On the margins of the St. Petersburg Economic Forum, I joined John Beyrle, U.S. Ambassador to Russia, for a meeting with a dynamic group of about 20 young Russian entrepreneurs to discuss their role in and expectations for Russia's economic transformation and modernization.
One of the topics of conversation was the Skolkovo Innovation Center--a new high-tech hub for research and business housed just outside of Moscow. Many of these young entrepreneurs, who boasted advanced degrees from leading U.S. universities, believed the center would help infuse an innovative culture into Russia. They also welcomed ideas for more business and academic exchanges, which would focus on developing managerial skills in the high-tech/emerging sectors; new business models that would encourage use and development of new technologies; and better public diplomacy from the government on the benefits of innovation and technology to increase demand for these products and highlight their efficiency in everyday life.
Russia already possesses key elements needed for innovation. But to really take root innovation must be given a fertile legal and cultural environment at home and understood as international and cross-cultural: it also requires the free flow of ideas within and among nations and other unconventional models of education and management. I believe President Medvedev and his team have made the innovation a high national priority, to diversify the Russian economy and reduce dependence on energy and raw materials. The U.S. business community and top universities and research institutions are currently working with their Russian counterparts to achieve these goals.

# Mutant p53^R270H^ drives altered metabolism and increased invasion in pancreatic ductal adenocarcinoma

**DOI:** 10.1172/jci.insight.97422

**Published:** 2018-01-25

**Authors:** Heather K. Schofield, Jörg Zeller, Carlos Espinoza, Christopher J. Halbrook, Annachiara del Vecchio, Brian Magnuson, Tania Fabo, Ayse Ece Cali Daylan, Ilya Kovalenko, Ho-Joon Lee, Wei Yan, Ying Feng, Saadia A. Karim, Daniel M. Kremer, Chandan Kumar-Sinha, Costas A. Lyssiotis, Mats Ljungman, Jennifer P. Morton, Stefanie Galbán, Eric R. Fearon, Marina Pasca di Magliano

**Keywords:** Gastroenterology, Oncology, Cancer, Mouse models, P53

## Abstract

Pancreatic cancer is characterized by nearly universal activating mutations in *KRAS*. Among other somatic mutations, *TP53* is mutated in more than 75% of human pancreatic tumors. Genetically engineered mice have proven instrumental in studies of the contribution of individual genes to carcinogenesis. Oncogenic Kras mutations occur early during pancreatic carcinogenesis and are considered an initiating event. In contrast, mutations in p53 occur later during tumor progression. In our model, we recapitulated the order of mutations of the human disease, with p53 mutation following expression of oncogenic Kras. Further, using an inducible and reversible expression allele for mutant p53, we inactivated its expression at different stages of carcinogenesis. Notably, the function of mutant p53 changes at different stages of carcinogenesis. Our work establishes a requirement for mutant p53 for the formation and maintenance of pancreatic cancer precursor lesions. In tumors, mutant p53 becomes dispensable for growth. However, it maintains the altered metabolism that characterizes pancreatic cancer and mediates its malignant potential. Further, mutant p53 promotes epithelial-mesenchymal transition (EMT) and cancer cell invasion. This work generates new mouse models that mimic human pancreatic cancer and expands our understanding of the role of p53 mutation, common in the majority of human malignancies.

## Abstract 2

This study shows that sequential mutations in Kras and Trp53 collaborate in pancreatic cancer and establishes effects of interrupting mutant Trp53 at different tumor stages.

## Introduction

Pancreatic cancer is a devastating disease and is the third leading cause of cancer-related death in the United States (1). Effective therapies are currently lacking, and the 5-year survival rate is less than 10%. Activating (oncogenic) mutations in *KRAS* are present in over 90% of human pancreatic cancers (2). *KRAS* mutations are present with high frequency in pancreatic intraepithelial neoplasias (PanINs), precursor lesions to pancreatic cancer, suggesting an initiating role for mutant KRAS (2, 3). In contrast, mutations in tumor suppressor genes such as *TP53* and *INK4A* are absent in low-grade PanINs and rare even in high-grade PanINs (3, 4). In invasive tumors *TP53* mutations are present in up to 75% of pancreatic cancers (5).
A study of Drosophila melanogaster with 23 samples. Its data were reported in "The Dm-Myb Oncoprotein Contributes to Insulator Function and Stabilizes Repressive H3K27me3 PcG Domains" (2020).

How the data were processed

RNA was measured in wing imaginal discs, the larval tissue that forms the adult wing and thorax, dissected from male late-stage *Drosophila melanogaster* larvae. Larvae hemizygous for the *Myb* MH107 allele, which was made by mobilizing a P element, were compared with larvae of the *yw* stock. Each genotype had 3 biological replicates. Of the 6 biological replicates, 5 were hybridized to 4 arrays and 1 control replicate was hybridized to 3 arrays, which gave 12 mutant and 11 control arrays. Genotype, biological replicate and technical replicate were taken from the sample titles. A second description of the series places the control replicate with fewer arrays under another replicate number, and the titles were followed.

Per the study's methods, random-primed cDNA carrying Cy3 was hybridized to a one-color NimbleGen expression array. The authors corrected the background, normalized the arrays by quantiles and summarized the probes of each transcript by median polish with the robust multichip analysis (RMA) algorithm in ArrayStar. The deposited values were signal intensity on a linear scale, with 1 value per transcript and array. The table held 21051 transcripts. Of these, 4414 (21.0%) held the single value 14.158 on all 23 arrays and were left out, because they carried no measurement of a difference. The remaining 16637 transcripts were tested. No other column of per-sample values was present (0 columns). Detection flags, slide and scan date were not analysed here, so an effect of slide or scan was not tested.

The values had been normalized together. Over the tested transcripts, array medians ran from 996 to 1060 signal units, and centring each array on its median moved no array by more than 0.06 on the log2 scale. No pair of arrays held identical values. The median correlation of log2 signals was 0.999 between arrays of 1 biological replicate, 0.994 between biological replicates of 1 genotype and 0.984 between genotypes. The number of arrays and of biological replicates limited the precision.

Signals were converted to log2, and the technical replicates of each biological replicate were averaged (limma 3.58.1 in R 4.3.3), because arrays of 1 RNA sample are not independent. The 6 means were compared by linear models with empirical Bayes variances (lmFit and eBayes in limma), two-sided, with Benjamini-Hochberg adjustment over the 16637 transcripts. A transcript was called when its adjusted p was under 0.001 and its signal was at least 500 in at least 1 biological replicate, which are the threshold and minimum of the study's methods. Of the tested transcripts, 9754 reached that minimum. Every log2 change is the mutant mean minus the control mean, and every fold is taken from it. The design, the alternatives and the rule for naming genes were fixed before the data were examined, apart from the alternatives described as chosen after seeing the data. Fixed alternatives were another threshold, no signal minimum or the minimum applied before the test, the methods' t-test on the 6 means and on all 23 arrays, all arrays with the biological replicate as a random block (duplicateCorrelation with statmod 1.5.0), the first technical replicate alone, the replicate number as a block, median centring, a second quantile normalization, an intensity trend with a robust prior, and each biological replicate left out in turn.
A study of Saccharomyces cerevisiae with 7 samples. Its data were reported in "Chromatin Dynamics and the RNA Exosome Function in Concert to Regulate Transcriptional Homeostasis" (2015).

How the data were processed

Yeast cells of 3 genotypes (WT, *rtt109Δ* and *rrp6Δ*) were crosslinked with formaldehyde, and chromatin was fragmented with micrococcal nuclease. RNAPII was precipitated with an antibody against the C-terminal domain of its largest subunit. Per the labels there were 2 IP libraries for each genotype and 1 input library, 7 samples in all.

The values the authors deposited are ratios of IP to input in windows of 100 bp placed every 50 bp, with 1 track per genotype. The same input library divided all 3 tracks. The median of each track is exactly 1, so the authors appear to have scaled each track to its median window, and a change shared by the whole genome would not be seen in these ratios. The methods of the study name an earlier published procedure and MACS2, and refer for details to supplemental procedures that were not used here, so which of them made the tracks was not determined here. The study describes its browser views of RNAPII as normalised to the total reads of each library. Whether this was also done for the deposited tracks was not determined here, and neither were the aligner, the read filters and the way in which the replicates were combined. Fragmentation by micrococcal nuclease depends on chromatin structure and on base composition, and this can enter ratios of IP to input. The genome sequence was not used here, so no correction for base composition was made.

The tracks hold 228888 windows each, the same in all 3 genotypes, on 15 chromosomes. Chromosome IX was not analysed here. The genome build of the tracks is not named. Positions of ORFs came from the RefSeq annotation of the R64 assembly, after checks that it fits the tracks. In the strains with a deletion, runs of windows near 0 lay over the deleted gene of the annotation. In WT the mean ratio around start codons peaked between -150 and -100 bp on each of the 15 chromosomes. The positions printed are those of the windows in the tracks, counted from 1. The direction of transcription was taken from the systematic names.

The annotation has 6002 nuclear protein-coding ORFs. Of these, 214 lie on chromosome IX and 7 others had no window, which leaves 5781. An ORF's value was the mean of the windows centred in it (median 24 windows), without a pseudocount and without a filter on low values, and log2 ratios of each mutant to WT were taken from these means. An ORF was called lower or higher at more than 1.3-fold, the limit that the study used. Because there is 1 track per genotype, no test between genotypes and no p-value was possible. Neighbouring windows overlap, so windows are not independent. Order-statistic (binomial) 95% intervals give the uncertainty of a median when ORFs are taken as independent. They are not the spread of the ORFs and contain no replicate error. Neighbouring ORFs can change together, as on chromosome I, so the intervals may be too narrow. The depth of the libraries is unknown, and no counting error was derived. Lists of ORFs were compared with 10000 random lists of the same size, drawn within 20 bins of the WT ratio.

The Skolkovo model is a good demonstration of this commitment. I noted that we hoped that Skolkovo will inspire other centers of innovation to flourish, promoting spin-off firms, perhaps around specific companies, that happened in the U.S. with Raytheon, Fairchild, and Microsoft, as well as around government institutions, for example National Institutes of Health.
Most importantly, good government policies to support entrepreneurship in the whole of Russia need to be put in place, such as laws to promote flexible labor movement, bankruptcy laws that allow easy entry and exit of firms, and investment tax credits. But most importantly the culture should not look at failure as the end of the road but as providing lessons learned to enable individuals and companies to continue the push towards successful ventures--just as did Thomas Edison with the electric light bulb.
In short, the meeting with the young Russian entrepreneurs was inspiring. Their active participation in such an important forum with high level Russian government and international CEO attendance is an important signal that Russia is looking towards the next generation as future drivers of Russia's modernization and integration in the 21st century global economy.